Thrombocytopenia: Case definition and guidelines for collection, analysis, and presentation of immunization safety data
University of Oulu, Uleoborg, Northern Ostrobothnia, FinlandVaccine (Impact Factor: 3.62). 09/2007; 25(31):5717-24. DOI: 10.1016/j.vaccine.2007.02.067
Article: 32 Vaccines[Show abstract] [Hide abstract]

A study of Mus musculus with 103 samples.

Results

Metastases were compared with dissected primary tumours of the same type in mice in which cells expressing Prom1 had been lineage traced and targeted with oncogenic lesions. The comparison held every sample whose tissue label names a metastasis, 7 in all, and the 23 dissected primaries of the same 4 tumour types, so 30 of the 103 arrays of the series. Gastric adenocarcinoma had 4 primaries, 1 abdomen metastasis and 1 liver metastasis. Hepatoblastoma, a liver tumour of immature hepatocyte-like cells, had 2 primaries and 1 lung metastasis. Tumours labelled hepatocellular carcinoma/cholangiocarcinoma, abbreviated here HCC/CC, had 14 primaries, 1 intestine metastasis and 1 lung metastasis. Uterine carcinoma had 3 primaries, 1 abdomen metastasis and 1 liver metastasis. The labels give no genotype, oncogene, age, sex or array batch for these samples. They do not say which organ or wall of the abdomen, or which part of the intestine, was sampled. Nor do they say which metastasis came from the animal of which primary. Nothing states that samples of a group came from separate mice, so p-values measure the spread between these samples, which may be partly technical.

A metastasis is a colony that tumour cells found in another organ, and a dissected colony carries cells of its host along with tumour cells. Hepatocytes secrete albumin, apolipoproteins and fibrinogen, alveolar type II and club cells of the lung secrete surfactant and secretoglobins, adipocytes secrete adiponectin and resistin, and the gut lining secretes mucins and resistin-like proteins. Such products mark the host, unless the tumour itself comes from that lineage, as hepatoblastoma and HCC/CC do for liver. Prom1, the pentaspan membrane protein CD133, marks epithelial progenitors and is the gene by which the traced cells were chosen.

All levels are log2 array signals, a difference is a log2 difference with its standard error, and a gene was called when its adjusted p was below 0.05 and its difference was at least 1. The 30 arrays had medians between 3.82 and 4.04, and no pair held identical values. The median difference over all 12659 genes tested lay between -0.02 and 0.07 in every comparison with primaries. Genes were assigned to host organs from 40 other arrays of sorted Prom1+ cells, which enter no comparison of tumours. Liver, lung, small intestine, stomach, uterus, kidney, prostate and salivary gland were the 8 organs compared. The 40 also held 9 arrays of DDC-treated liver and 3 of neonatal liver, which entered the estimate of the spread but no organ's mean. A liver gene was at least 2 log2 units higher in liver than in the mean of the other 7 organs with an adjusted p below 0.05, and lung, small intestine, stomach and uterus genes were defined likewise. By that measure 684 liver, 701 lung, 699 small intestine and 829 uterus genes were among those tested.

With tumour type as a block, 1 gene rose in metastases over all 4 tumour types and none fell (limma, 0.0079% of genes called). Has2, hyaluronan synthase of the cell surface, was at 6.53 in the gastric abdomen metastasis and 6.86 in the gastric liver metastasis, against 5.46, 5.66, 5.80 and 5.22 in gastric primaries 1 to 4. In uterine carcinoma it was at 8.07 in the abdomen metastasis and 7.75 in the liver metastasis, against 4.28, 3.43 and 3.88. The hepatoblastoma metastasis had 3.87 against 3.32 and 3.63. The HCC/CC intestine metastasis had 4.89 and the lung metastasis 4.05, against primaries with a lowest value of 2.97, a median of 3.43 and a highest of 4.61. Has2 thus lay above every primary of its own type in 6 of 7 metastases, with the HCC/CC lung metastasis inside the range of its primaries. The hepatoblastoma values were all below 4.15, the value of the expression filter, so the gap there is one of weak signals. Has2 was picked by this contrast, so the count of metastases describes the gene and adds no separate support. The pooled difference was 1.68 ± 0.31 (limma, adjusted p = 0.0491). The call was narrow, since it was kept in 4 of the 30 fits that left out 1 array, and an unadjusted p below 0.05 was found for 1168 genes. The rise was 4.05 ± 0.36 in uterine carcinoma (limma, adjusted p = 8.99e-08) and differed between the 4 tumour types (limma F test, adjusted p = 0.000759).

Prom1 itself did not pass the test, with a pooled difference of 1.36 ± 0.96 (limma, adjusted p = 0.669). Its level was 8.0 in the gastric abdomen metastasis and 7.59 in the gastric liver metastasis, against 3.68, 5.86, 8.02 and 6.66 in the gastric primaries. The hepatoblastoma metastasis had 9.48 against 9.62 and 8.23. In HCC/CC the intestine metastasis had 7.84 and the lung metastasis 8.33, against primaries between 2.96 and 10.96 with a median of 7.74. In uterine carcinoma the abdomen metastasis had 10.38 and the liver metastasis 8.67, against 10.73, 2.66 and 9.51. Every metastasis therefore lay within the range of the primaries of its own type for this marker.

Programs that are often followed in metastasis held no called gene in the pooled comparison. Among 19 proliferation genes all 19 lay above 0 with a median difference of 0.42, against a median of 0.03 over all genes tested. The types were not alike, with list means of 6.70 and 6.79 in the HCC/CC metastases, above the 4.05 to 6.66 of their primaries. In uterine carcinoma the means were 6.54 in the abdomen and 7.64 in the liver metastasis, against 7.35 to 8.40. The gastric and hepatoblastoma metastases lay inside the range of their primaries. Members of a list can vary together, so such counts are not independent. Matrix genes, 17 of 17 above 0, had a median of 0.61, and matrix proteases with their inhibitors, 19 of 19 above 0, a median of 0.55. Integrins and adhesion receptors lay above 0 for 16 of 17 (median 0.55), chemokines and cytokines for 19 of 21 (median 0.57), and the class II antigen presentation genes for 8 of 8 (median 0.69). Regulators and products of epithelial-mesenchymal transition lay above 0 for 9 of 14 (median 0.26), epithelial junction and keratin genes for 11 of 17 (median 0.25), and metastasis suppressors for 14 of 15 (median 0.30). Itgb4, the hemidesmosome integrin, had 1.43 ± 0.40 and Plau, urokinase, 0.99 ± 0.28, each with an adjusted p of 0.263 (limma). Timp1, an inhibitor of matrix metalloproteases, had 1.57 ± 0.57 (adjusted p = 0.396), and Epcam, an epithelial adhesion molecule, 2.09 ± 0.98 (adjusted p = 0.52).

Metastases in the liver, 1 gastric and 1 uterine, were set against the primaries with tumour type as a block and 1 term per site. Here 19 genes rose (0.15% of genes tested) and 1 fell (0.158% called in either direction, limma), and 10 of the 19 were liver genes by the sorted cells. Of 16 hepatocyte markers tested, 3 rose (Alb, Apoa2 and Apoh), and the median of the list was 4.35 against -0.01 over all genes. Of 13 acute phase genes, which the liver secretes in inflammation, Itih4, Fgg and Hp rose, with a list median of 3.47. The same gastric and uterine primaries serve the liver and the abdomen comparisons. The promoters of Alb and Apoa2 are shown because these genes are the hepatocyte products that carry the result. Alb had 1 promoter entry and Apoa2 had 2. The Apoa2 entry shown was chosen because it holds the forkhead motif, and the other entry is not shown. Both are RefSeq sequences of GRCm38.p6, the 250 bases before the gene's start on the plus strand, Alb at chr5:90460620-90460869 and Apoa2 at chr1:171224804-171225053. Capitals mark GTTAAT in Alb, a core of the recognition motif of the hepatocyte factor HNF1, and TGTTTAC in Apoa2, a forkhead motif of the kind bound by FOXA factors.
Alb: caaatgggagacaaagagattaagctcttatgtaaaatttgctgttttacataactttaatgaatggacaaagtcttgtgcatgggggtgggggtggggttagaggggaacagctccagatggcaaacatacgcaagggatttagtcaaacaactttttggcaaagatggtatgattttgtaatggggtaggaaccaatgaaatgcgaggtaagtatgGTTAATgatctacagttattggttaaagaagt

ABSTRACT: This chapter discusses different studies conducted to analyze effects of vaccines on patients. The safety and reactogenicity of a booster dose of hexavalent DTaP–HBV–IPV/Hib vaccine has been compared with the separate administration of DTaP–IPV/Hib and HBV vaccines. In the first study, the incidences of symptoms were similar in the two groups; no serious adverse events were either reported within 4 days of immunization or considered to be causally related to immunization. In the second study, in which fever was the only solicited symptom, the rectal temperature was 39.5°C or over in 2.5 and 2.8% of the subjects respectively. Fever of 40.0°C or more was rare (0.6%), and only two cases of febrile convulsions were recorded during the 4 days after immunization, both in the control group. In another study, severe jaundice and raised serum liver enzyme activities were reported after a dose of Twinrix® (combination HA/HB vaccine). Studies on Flumist®, a cold-adapted live attenuated influenza vaccine in young children showed that it is effective against circulating H1N1 and H3N2 strains, including H3N2 strains. However, there was a significantly increased incidence of medically significant episodes of wheezing within 42 days of immunization among children aged 6–23 months.